Solid Allen and Stone entries fail to steal the Cannes limelight
, special correspondent in Cannes
While this year's Cannes competition line-up singled out a few new countries (Ukraine and Chad are vying for the Palme d'Or for the first time), one nation is almost absent. Doug Liman's "Fair Game" is the only American film in competition, whereas the US had two works in the main category last year, four in 2008 and five the year before that.
The New York Times headlined its article about the festival's opening "Cannes Runs a Bit Short on Stars This Year", alluding to a sentiment guiltily articulated by many film buffs in attendance that a festival conspicuously short on American offerings is somehow missing a certain je ne sais quoi.
But those craving a bit of old-style Hollywood pizzazz amid the more rarefied films on the Croisette got a double dose on Friday and Saturday with two out-of-competition entries from US heavyweights: Oliver Stone's "Wall Street: Money Never Sleeps" and Woody Allen's "You Will Meet a Tall Dark Stranger".
Neither movie is a knockout by any means. Still, the elbows thrown by journalists clamouring to make it into the press screenings, as well as the throngs of fans gathered to watch the red-carpet photo calls, testified to the powerful lure of US cinema even at a festival known for its attention to corners of the world other than America and Europe.
Given the global financial crisis, Oliver Stone's sequel to his 1987 "Wall Street" has a certain international pull and proved to be a somewhat pleasant surprise: a crisp and engaging though extremely conventional follow-up that updates themes explored in the so-so original with a fair amount of savvy.
The film pits a couple of young idealists (played winningly by Shia LaBeouf and Carey Mulligan) against big-bank sharks including, of course, the first film's anti-hero Gordon Gekko, incarnated with the same oily charisma and a new touch of melancholy by Michael Douglas.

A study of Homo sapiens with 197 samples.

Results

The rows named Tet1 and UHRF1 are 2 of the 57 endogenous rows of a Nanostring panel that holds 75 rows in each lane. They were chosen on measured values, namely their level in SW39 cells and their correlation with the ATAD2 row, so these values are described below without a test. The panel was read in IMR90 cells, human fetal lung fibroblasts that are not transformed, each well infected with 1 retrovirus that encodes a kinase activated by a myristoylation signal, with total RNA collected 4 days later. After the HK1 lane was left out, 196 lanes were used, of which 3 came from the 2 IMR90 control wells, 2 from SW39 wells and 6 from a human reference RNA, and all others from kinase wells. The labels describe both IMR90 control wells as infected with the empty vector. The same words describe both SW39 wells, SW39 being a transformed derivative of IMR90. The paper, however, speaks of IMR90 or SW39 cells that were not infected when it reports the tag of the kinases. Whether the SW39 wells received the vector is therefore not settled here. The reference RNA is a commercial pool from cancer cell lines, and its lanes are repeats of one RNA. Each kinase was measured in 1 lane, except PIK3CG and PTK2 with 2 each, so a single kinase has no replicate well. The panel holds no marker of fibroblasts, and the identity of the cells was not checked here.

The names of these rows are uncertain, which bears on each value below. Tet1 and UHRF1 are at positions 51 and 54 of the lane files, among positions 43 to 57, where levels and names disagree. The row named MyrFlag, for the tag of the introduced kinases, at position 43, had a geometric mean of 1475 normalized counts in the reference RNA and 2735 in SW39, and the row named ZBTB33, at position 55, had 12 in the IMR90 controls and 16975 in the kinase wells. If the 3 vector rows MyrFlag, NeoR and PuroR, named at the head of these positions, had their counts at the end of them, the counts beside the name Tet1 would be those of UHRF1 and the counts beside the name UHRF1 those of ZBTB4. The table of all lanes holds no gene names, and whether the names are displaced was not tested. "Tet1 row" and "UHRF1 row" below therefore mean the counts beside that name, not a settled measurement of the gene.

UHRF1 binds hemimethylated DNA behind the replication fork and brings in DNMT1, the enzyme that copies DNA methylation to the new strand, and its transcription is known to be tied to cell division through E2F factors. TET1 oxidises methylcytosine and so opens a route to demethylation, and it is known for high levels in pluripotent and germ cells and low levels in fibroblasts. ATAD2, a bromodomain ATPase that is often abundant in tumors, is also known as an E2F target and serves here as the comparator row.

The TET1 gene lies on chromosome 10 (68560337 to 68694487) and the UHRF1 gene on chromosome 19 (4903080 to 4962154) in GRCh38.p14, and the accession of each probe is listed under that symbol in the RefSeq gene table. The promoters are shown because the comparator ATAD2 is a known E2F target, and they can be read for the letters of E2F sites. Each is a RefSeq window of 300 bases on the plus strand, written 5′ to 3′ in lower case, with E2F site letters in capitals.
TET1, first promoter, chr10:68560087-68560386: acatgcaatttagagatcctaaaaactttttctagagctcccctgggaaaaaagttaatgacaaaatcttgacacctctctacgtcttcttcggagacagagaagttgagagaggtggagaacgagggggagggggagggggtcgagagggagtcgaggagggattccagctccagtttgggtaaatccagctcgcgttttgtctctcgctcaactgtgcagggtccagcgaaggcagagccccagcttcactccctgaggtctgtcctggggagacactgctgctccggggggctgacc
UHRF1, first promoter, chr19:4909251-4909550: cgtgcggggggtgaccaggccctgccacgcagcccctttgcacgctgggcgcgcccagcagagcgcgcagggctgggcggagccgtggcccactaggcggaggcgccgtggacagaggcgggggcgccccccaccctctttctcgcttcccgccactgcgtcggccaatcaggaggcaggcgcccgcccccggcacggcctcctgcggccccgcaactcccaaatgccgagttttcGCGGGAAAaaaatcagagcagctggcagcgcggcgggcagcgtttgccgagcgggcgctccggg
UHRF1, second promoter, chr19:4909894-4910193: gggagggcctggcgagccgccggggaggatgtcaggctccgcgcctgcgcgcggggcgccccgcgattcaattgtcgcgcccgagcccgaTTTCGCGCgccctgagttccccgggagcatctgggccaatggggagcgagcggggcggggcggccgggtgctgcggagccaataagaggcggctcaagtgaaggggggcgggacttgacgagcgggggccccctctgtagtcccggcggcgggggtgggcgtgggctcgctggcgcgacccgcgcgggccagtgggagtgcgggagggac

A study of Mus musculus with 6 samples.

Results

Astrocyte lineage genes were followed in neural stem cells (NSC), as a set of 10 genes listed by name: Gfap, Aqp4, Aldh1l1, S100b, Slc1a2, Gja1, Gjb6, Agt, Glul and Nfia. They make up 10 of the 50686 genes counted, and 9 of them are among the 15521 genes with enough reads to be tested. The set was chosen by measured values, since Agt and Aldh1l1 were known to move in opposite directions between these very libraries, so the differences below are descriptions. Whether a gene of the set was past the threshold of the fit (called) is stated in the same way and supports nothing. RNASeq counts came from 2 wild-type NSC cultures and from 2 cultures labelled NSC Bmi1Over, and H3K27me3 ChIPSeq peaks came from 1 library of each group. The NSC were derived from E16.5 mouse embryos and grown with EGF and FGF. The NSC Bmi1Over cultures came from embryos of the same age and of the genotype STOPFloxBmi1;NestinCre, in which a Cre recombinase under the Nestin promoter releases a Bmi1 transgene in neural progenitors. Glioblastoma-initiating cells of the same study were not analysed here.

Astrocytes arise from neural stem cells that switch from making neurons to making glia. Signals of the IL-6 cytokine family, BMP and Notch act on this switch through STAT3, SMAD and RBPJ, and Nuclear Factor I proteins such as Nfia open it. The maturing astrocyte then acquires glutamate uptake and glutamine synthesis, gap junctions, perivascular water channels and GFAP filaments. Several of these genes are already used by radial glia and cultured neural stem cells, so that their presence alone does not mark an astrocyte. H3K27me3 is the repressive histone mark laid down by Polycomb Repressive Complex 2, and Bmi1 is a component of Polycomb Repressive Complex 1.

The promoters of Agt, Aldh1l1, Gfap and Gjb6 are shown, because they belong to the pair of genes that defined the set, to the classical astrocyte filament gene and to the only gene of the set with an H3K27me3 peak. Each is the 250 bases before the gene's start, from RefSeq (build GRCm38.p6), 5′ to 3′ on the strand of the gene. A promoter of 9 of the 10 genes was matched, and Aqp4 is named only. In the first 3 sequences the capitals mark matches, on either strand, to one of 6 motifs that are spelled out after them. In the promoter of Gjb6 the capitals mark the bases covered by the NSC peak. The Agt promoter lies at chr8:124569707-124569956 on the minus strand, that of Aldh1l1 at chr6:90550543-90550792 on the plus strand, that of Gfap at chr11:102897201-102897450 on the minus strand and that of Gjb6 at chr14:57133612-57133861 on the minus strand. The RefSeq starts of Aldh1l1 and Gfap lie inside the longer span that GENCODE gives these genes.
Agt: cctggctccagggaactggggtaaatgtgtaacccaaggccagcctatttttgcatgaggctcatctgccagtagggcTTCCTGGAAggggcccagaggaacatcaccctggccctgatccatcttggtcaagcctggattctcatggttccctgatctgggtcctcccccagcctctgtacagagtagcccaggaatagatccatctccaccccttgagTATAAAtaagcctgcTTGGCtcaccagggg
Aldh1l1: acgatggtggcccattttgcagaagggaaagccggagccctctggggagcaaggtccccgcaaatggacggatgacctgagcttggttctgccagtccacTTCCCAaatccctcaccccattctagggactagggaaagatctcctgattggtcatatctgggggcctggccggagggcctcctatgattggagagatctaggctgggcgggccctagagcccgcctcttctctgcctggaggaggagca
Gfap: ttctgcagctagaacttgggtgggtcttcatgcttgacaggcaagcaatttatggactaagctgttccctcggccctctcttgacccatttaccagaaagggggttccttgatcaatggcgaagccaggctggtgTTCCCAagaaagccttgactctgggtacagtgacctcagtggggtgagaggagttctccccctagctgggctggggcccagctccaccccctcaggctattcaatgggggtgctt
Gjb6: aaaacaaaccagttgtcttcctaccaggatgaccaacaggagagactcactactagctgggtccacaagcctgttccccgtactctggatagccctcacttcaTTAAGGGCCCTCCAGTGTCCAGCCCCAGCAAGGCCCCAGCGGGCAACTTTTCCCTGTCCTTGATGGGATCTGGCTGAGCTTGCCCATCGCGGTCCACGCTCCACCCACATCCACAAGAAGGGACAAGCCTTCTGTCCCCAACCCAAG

The first half is smartly written and paced, as Stone sets up his chess pieces with typical verve; there's a chillingly staged suicide and a conversation between LaBeouf and Douglas on the New York subway tingles with paranoia and menace. The second half of the film loses momentum, resolving things too cleanly and leaning too much on typical tropes of American cinema: fiery confrontations, teary reconciliations, and character and plot twists that feel either predictable or arbitrary.
You end up wishing Stone had gone deeper and darker, grappling with the newly urgent themes of greed and corruption with greater nuance than his nice-guy-against-evil-capitalist-system framework allows. But nuance has never been Stone's specialty, and "Wall Street: Money Never Sleeps" is vibrant enough entertainment to make you forgive him the shortcoming for two hours.
Much of a muchness Woody Allen?
That vibrancy is only intermittently present in Woody Allen's "You Will Meet a Tall Dark Stranger", in which the director assembles a typically high-profile cast to play out the romantic entanglements and dashed dreams of various members of a London family.
Neither sufficiently funny to work fully as comedy, nor emotionally involving enough to succeed as a drama, the movie is one of Allen's blander efforts especially disappointing after the riveting twists of "Match Point" and the sensuality and sparkle of "Vicky Cristina Barcelona". Allen's camera is as confident as ever, and actors such as Naomi Watts, Josh Brolin and Gemma Jones are fun to watch in high-strung roles.
But the neuroses that drive the film's story seem imposed by Allen's own world view, rather than organically sprung from the characters on screen.
Although the movie is highly watchable (Allen is too much of a pro to turn in a truly bad film), the director's narrative tics are starting to feel especially tired; how many times can we watch an old man ditch his steadfast wife for a pretty young thing in a miniskirt and stilettos, and still find it funny or compelling?
More bothersome still is how thinly the film examines its themes. "You Will Meet a Tall Dark Stranger" is about frustrated people who long for what they can't have, and the veteran director barely scratches the surface. Allen’s most loyal fans will likely feel that frustration acutely.